Gloom 3: Zombie Edition
for Amiga

Mr Creosote:
Alternate Titles: Ultimate Gloom
Company: Alpha Software / Guildhall
Year: 1997
Genre: Action
Theme: Horror / Multiplayer / Science Fiction
Language: English
Licence: Commercial
Views: 4798
Review by Mr Creosote (2017-09-27)

It starts with the broken installer which simply forgets to set an essential assign for the game to work. After fixing this by hand and skipping the sorry excuse for an introductory sequence, the first thing you get to see of the game proper is a wall texture which looks like straight out of a 1980s PD game (those torches!). Monster sprites – which look strangely inconsistent in style, some being only repainted variants of those found in previous games, some being new – aren't much better; to make matters worse, they are basically unanimated, just sliding around instead.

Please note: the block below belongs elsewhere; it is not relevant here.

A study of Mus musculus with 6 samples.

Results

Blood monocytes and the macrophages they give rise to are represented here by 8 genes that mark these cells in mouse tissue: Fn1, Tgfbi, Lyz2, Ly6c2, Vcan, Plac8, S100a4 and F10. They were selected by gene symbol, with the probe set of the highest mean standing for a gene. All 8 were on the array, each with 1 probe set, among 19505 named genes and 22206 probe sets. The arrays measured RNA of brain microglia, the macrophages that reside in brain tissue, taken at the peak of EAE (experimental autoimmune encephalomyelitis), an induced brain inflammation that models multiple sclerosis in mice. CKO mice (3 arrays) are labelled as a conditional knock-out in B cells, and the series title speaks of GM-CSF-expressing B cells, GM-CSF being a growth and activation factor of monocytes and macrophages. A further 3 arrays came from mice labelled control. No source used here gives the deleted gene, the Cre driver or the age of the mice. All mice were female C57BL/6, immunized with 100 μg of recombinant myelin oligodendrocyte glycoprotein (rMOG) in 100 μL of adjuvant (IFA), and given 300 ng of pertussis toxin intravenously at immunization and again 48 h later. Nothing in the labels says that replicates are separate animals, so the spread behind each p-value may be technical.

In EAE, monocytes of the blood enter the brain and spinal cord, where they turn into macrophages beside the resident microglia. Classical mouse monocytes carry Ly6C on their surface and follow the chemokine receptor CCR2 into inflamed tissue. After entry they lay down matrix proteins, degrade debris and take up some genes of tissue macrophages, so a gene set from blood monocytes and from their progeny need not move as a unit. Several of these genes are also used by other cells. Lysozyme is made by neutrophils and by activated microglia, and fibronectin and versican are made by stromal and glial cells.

On playability side, they are also extremely tough. Even the very first zombies you encounter (right behind a corner, of course) will easily slaughter you unless you run backwards while shooting. Even then, it may not be enough, depending on your aim. It doesn't get better as the game progresses and losing firepower each time you die doesn't exactly help, either.

Everything in this game just screams "fan mod" (and not even a good one). Maybe this is indeed how it came about. Nevertheless, somebody did decide to publish it commercially. The graphical engine of Deluxe even seems to have been further optimised, running even more smoothly than before. As a release, Gloom 3 is not horrible, as the two preceding games are also there on the CD. Though those are not under review here. Playing this new "game" just isn't fun. At all. It is a sorry sequel which frankly speaking, the world could have done without.